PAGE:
Capoeira


My first class of Capoeira was with Joao Grande in NYC.  I had shown up with off white pants and a t-shirt.  Good thing I came early to the class because he made me go out onto 14th st, to buy white pants so that I could train.  Even though I loved the class I was a bit intimidated by the seriousness of this form.  It wasn’t until 1997 that I really began to train Capoeira.  I was in Boulder Colorado studying at the Rolf Institute and Dancing.  I met Professor Galo at a dance event that I frequented.  He kept inviting me to train, and finally I did.  My first teachers were Professor Galo and Instructor Govinda (UCA).  This was the beginning of a journey that would lead me to the Bay Area where I began my training with Mestre Acordeon, Mestre Ra and Mestra Suelly (she was a Professora at the time).  Their styles and backgrounds in Capoeira are all unique, and yet they worked together to show me a glimps of how intricate and complex the tapestry of Capoeira truly is. I have met all of my closest friends, and made a family through Capoeira.

 

5768_123534716389_7087511_nIn 2005 I had my Formatura at the Capoeira Arts Cafe in downtown Berkeley (at the time I was 5 months pregnant with my second child).  I then earned the title Contra Mestra Marreta in 2013, and continue to teaching Capoeira at the Casa de Cultura and other Capoeira schools and events around the country.

The model of Capoeira is often all or nothing. As a mother, this model is not available to me.   I have had limited time available to teach, and to train.  It has been challenging, and important  to find a place in Capoeira with the real time limitations that I accept and that I have.  I believe it is important to bring who we are into what we do, and to be proud of it.   I think there is room for mothers, and female leadership  within Capoeira and I believe, that our committed involvement will move and shape the artform in a way that we can be proud of.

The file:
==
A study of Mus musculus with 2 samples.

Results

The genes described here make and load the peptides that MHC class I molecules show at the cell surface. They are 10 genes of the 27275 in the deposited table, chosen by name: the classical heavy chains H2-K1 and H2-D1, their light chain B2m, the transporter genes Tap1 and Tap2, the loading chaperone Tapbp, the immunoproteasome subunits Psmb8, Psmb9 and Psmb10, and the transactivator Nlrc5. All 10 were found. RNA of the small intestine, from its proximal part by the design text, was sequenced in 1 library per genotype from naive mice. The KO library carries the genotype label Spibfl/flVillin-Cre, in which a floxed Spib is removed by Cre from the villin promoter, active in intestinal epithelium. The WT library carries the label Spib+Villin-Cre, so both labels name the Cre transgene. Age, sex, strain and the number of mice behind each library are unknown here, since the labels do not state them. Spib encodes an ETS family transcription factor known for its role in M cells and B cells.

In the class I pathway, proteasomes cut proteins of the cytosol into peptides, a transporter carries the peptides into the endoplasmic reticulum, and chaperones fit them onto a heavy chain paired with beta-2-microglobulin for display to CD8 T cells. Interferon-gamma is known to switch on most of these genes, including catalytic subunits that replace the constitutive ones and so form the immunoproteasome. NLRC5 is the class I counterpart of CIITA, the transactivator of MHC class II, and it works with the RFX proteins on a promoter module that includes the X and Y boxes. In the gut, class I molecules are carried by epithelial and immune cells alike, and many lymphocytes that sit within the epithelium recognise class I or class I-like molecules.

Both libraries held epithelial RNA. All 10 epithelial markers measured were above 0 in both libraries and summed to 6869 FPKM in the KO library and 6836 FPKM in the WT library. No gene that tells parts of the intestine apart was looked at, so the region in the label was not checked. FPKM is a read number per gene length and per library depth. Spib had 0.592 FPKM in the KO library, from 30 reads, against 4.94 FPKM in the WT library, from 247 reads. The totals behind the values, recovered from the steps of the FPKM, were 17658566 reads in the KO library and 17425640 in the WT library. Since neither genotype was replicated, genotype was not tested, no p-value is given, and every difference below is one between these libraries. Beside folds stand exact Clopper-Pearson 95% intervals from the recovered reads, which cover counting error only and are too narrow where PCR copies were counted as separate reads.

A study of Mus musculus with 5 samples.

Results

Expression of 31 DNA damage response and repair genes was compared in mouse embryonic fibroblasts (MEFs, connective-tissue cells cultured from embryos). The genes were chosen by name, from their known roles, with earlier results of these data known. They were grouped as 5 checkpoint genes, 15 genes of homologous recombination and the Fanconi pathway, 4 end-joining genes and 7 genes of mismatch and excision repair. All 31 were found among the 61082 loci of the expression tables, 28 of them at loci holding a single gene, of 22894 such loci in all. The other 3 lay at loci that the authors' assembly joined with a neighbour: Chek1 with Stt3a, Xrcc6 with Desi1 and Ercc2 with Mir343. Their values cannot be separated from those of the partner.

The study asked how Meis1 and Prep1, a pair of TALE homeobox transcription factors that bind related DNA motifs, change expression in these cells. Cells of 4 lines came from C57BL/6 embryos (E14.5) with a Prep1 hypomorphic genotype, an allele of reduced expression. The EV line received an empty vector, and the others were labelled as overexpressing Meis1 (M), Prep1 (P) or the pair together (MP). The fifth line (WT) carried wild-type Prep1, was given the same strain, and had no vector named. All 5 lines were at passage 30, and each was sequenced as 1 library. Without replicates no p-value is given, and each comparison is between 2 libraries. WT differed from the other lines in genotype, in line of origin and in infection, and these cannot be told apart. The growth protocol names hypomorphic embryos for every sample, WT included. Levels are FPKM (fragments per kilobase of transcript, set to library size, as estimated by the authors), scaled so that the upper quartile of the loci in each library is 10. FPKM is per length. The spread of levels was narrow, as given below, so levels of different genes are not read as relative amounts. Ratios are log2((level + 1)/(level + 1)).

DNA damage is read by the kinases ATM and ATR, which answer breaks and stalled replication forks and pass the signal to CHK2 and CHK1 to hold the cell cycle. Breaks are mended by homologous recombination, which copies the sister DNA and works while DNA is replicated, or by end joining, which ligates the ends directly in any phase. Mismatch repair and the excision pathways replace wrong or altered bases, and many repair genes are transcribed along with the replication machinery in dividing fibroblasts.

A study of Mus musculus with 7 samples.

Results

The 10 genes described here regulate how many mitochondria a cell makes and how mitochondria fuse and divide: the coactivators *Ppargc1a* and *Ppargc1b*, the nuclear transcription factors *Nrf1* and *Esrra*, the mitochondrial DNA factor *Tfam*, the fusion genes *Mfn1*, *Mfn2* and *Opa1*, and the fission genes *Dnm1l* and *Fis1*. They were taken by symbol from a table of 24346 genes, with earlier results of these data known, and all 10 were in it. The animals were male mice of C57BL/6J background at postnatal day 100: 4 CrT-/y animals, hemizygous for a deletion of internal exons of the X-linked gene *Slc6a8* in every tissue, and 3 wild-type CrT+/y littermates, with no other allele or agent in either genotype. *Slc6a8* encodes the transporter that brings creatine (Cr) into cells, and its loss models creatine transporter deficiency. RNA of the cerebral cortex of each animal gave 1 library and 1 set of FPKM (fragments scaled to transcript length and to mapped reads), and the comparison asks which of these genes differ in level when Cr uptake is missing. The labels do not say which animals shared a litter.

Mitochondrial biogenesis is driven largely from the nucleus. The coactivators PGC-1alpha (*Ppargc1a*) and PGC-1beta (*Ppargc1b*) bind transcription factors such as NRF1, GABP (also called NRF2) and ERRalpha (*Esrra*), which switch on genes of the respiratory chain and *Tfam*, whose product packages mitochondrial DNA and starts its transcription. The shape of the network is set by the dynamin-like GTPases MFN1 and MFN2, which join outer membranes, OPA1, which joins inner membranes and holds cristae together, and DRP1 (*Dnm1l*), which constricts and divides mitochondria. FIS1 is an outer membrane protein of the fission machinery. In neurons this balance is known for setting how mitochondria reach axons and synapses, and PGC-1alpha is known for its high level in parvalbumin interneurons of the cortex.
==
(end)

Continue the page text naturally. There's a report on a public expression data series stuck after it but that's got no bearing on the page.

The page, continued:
My focus within Capoeira is more on the expressive and interactive side, rather than the martial side.  Recently, I find myself particularly interested in how to guide students and teachers towards a greater physical and anatomical understanding.  I would like to see a greater sense of responsibility held by the teachers and students of Capoeira.  A responsibility for knowing and understanding the impact the training exercises have on the body when repeated over many years.  Likewise there is a kind of self-responsibility that all of us as Capoeiristas, and any mover has to understand and be curious about (to the best of our ability) how our bodies are designed and what our supposed and real limitations are.  I believe that Capoeira is an art form not unlike other folk movement forms that contains within it an incredible amount of wisdom and physical intelligence.  I am interested in learning from this, without overtraining or falling foolishly into the trap of unsustainable masochism that seems to be so prevalent within the world of Capoeira.  I am interested in how women in leadership roles will help to inform and grow the culture of capoeira.  I am greatful to all of my teachers in Capoeira: Mestre Acordeon, Mestre Ra, Mestra Suelli, Mestre Calango, Mestre Amunka, Mestre Galo, Mestre Amen, Mestre Lobao, Mestre Gato, Mestre Mago, Mestre Effraim, Mestre Marrom, Mestre Nestor Capoeira, Mestre Itapoan Beiramar, Contra Mestre Dondi, and on and on and on and all who have come before me to make it possible for me to get to know this art form.